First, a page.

Readers’ corner – October to November 2022

Every month I take a look at the books I’ve been reading, and an article or two that I’d recommend from my travels on the internet.

This month my list is short. That’s because I’ve been doing another kind of reading – proofreading a book that’s set to be published next year. I can’t talk about that, but I can talk about other things that have been keeping me busy since my last post.

The Watchmaker of Filigree Street – Natasha Pulley (Bloomsbury)

I quite often pick books in the local library based on the cover, and this was one of those. It turned out to be fascinating.

It’s set in Victorian England – with a side order of the Japan of the same era. There are elements of fantasy mixed in with the mystery of who it is that is setting bombs in government buildings. There are two intertwined love stories too.

The plot is complex (in a Back to the Future time-shifting kind of way) but the characters are wonderfully engaging. I’ll be taking it out of the library again to re-read so that I can catch up on the finer turning points.

Recommended online reading

The Mona Lisa Effect

I was once invited to the theatre – to go and see something by Athol Fugard, if I remember correctly. I declined, and made the mistake of saying what I really thought: that I’d rather spend my Friday night watching something cheerful on the telly.

This piece by British writer Ian Leslie reminded me of the awkward pause that followed my declaration of lowbrow preferences. He looks at how it is that art gets to be “great” – or not. He says:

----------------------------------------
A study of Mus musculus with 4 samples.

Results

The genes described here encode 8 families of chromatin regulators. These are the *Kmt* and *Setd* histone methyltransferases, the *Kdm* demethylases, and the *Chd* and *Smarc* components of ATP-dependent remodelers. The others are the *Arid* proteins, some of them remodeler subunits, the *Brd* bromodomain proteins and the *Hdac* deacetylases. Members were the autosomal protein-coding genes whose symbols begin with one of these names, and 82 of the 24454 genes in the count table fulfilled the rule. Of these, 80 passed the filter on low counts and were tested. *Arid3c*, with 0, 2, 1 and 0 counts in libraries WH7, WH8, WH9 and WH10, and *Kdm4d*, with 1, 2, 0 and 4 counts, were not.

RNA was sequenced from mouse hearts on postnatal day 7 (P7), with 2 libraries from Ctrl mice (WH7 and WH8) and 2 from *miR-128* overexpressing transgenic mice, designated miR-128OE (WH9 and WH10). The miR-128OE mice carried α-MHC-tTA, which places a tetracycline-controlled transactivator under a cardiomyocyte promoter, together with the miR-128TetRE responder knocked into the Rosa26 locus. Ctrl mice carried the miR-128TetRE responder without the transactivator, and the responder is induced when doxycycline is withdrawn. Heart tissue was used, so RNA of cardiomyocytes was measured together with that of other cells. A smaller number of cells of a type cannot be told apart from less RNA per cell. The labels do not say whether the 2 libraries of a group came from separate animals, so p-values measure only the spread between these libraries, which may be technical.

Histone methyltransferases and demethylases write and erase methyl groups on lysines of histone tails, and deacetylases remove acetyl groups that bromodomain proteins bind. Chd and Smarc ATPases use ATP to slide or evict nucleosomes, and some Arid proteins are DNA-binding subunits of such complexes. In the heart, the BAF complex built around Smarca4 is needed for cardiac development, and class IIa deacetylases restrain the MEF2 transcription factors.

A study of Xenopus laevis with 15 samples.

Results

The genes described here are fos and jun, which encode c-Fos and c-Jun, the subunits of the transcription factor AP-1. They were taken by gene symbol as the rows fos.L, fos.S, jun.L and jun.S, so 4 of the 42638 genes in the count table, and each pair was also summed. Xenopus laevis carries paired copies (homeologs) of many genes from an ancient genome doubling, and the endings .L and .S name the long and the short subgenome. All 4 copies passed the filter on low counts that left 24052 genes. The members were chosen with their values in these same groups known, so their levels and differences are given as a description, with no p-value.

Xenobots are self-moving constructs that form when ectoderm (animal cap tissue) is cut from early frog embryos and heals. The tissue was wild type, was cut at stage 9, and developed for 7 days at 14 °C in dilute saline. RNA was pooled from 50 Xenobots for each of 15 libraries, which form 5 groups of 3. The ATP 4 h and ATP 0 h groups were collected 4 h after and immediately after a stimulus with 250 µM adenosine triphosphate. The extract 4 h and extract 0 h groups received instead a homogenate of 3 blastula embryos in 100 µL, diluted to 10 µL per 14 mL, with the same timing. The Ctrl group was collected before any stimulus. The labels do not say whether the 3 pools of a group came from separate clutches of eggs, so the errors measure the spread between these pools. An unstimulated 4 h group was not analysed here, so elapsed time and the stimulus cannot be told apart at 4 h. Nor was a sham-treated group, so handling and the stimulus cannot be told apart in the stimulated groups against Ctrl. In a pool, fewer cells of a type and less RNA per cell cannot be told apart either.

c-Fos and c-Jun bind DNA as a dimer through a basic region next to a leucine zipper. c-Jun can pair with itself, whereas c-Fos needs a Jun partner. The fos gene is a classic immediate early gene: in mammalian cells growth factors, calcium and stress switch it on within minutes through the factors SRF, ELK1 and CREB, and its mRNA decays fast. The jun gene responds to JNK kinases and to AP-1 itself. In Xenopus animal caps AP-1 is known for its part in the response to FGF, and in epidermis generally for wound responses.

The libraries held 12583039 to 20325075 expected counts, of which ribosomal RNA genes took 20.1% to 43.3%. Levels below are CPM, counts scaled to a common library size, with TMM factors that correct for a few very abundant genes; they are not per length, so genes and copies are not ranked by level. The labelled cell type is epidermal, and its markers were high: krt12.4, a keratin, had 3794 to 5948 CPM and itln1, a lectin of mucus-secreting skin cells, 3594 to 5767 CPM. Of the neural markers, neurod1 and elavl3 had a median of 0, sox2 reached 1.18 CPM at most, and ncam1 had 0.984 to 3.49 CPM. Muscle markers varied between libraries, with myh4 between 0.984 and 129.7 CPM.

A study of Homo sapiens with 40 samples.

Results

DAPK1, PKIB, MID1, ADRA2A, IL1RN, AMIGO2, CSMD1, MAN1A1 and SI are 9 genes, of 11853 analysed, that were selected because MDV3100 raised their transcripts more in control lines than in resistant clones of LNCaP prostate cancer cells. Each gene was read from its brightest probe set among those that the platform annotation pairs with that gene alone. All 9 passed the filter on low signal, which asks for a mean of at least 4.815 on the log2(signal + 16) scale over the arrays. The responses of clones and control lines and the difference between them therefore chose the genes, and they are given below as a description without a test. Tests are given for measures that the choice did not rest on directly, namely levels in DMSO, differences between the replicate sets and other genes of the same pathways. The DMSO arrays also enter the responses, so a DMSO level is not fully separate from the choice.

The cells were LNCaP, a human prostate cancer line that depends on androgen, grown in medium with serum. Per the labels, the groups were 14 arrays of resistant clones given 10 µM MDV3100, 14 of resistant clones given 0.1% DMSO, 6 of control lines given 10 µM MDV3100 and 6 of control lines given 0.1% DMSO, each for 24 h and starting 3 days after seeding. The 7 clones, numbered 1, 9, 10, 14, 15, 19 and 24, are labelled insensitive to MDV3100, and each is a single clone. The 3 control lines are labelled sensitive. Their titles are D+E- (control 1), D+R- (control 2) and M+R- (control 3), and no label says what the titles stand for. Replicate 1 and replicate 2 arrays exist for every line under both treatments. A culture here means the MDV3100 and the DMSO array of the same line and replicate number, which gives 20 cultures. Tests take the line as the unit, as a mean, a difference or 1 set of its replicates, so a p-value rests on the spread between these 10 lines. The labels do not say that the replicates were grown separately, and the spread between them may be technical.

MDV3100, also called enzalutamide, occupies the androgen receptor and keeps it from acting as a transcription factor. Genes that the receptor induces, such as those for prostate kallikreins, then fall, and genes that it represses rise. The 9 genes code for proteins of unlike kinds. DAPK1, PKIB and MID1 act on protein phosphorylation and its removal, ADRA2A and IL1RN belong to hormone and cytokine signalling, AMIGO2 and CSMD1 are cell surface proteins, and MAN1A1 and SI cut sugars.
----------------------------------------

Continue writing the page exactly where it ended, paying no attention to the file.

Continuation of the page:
(The theory is) that some works of art are just great: of intrinsically superior quality. The paintings that win prime spots in galleries, get taught in classes and reproduced in books are the ones that have proved their artistic value over time. If you can’t see they’re superior, that’s your problem. It’s an intimidatingly neat explanation. But some social scientists have been asking awkward questions of it, raising the possibility that artistic canons are little more than fossilised historical accidents.

People – this is not to imply that I disdain Athol Fugard. I think he is a great playwright, and an eminent South African writer. I just sometimes want mindless entertainment, with my feet up in front of the television.

Main picture: JESHOOTS.COM, Unsplash

The stuff that’s always at at the bottom of blog posts…


    But I am weighing in here to say that I think it’s a mistake to divide art/creative output into high- and lowbrow. Those days are over, surely? The days of the theatre snob is long gone.

    My aim for ageing is to keep my mind as wide open as possible – and, speaking for myself, I have seen some theatre that has fundamentally changed me/my life. And I’m grateful for it.

    • I agree – it’s not an either/or thing. Which is the point of Ian Leslie’s article. But there are people who make that highbrow vs lowbrow division, I think. (And I do like theatre… I just never seem to get there any more).